There is growing concern among Emergency Medical Technicians (EMT) at the Queen Elizabeth Hospital (QEH) about their potential COVID-19 exposure to them and patients after a colleague tested positive for the dreaded virus, Barbados TODAY has learned.
All paramedics of the Emergency Ambulance Service were tested for COVID-19 on Saturday and Sunday as a precautionary measure, but only those believed to have been in primary contact with the infected EMT have been advised to quarantine pending the results of the first round of testing.
Senator Dr Jerome Walcott, Chair of Cabinet’s COVID-19 sub-committee, acknowledged this evening in a national update that several hospital staff and patients have been tested for COVID-19, but said he was confident that hospital officials could properly manage the situation.
A source within the EMT Department confirmed that a colleague tested positive after recently spending time with an infected prison officer.
In addition to concern about close relatives, some of the 66 EMTs have expressed concern about the possibility of potentially exposing vulnerable patients to COVID-19.
“There is a general concern, but we are being told from the relevant authorities that there’s nothing to be concerned about and I suppose they believe that if this gets out and people know that there is COVID in the ambulance service, perhaps nobody will want to get into the ambulances,” a source told Barbados TODAY.
“There are people who are generally ill who need to come to hospital… but in the same light, I think we ought to be treated like everybody else, because you don’t want to cause any further spread until the results come back. The good news is that nobody is sick and everybody is wearing masks and trying to keep a distance.”
But despite the concerns, the EMT department has provided “more than enough” Personal Protective Equipment (PPE), said the health care worker who also expressed satisfaction with numerous changes implemented at the Accident and Emergency Department to protect patients and staff.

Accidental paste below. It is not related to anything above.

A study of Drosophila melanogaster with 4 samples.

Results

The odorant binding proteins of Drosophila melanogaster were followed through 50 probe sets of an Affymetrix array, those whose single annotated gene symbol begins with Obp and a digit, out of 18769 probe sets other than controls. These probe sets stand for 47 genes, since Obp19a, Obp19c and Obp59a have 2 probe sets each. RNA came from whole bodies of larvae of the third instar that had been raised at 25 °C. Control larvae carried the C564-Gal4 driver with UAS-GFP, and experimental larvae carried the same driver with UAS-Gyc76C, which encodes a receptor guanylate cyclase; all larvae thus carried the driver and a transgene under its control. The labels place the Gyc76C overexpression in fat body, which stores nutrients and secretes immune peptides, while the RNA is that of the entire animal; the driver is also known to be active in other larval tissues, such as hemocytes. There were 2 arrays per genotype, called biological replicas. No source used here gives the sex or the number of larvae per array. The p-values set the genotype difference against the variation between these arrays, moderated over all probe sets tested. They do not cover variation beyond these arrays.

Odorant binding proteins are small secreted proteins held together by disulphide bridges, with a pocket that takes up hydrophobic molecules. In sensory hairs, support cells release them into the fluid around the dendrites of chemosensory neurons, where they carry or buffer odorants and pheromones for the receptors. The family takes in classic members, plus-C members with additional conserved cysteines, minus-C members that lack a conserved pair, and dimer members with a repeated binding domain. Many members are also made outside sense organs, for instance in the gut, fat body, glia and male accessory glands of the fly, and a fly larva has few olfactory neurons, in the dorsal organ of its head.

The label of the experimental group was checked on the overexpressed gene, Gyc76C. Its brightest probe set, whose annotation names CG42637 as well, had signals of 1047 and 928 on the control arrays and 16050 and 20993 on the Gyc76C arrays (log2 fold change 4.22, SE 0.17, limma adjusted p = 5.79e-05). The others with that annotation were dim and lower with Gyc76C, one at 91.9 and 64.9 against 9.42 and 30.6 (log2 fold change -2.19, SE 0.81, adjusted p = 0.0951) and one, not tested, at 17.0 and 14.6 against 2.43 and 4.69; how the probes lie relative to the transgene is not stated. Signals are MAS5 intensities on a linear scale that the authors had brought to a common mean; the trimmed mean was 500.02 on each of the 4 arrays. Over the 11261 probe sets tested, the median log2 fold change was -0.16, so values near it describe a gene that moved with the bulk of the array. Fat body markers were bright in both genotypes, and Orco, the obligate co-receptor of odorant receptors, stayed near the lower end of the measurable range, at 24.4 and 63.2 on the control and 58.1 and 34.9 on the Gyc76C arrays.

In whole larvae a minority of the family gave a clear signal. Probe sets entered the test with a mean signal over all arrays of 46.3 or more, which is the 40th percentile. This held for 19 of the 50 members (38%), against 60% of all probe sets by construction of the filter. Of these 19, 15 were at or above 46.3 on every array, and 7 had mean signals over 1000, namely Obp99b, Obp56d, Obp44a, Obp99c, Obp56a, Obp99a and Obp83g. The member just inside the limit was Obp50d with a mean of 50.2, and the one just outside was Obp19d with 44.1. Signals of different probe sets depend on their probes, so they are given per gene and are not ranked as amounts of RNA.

During Monday’s evening’s address to the nation, Prime Minister Mia Mottley noted that “one or two persons” at the QEH may have been affected by the ongoing outbreak, and stressed that although the intention is to keep COVID out of the hospital, there were no guarantees.
Senator Walcott meanwhile named eight affected departments, and as he attempted to skim through the latest QEH reports, acknowledging that some members of staff have tested.
Walcott disclosed that two nurses from the Medical Intensive Care Unit who had attended a Boxing Day bus crawl were tested for the viral illness along with 36 others attached to the unit, including doctors and nurses.
Two nurses who work in the now closed Respiratory Unit have also been tested and are awaiting results while doctors and nurses associated with Ward B-14 have been tested as a precautionary measure- since one person attended a bus crawl.
here was no mention of the EMT department, and based on his report, all staff and patients have so far tested negative.
“We have certainly done very well over the course of the year in keeping COVID out of the QEH, and in this case, unfortunately, one or two persons went on this bus crawl,” said the senator.
“We also set up a unit at the Enmore Centre initially and this is still available for persons who require surgery or in [the most recent]case obstetric treatment.
“The QEH has set up a whole process as it relates to how persons who have issues can relate and as it relates to COVID, it’s about risk assessment and risk management and everyone will not have the same level of risk. It has to do with exposure and contact.”
When contacted QEH Executive Director Juliette Bynoe-Sutherland was engaged in a meeting and promised to provide a report on the concerns raised. She said information on any additional concerns could be obtained from the hospital’s communications specialist. However, up to publication time, no response to an email sent to that official had been received.